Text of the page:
Tuesday, February 16, 2010

Watch Out For Grandparents Scam


Scammers Pose As Grandchildren

Well-meaning senior citizens who think they are helping a grandchild in distress are becoming victims of another wave of the so-called “Grandparent Scam,” warns Better Business Bureau. So far, the scam has targeted grandparents in more than a dozen states and Canadian provinces and stolen as much as $19,000 from one victim alone.

“The grandparent scam preys on the love of a grandparent for their grandchildren and has proven to be an extremely lucrative con for scammers,” said Stephen A. Cox, President and CEO of the Council of Better Business Bureaus. “Fortunately, this is an easy scam to avoid as long as you don’t let your emotions get the best of you.”

Typically, the grandparent receives a frantic phone call from whom they are led to believe is their grandchild. A scammer, posing as their grandchild, explains that he or she has gotten into trouble—often in Canada—and needs their help. The “grandchild” might claim he or she caused a car accident or was arrested for drug possession. With the new wave of calls, victims are also contacted by someone claiming to be a police officer or lawyer representing the grandchild in court.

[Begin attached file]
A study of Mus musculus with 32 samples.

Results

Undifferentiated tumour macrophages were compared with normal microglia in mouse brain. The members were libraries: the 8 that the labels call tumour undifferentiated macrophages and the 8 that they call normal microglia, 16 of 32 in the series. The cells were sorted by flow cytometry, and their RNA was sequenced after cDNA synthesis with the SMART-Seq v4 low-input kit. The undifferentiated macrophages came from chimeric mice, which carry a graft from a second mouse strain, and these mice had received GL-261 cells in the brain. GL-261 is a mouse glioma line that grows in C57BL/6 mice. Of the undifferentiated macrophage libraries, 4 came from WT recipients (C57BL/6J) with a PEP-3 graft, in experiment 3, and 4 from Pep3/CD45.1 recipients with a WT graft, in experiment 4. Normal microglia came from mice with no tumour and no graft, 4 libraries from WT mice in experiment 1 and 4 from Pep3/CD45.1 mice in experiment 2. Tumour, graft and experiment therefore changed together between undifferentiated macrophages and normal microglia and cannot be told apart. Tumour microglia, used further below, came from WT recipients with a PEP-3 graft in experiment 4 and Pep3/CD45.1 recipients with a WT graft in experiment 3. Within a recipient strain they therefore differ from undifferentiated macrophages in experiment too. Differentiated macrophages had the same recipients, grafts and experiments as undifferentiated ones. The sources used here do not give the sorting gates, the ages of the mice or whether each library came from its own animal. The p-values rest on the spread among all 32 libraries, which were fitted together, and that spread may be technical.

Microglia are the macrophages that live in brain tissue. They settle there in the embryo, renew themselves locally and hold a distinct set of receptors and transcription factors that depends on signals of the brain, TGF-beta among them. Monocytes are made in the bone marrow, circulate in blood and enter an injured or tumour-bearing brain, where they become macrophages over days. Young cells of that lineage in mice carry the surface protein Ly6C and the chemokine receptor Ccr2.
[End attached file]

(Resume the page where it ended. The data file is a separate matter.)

The “grandchild” pleads to the grandparents to not tell his or her parents and asks that they wire thousands of dollars for reasons including posting bail, repairing the grandchild’s car, covering lawyer’s fees or even paying hospital bills for a person the grandchild injured in a car accident.

If you receive a call from someone claiming to be your grandchild in distress, BBB advises that you don’t disclose any information before you have confirmed it really is your grandchild. If a caller says “It’s me, grandma!” don’t respond with a name but instead let the caller explain who he or she is. One easy way to confirm their identity is to ask a simple question that your grandchild would know such as what school he or she goes to or their middle name.

If you have fallen victim to the scam, BBB recommends that you report the incident immediately to local police or PhoneBusters Canadian Anti-Fraud Call Centre. Reports can be filed easily online through the PhoneBusters site at: www.phonebusters.com, or by phone, toll free at, 1-888-495-8501.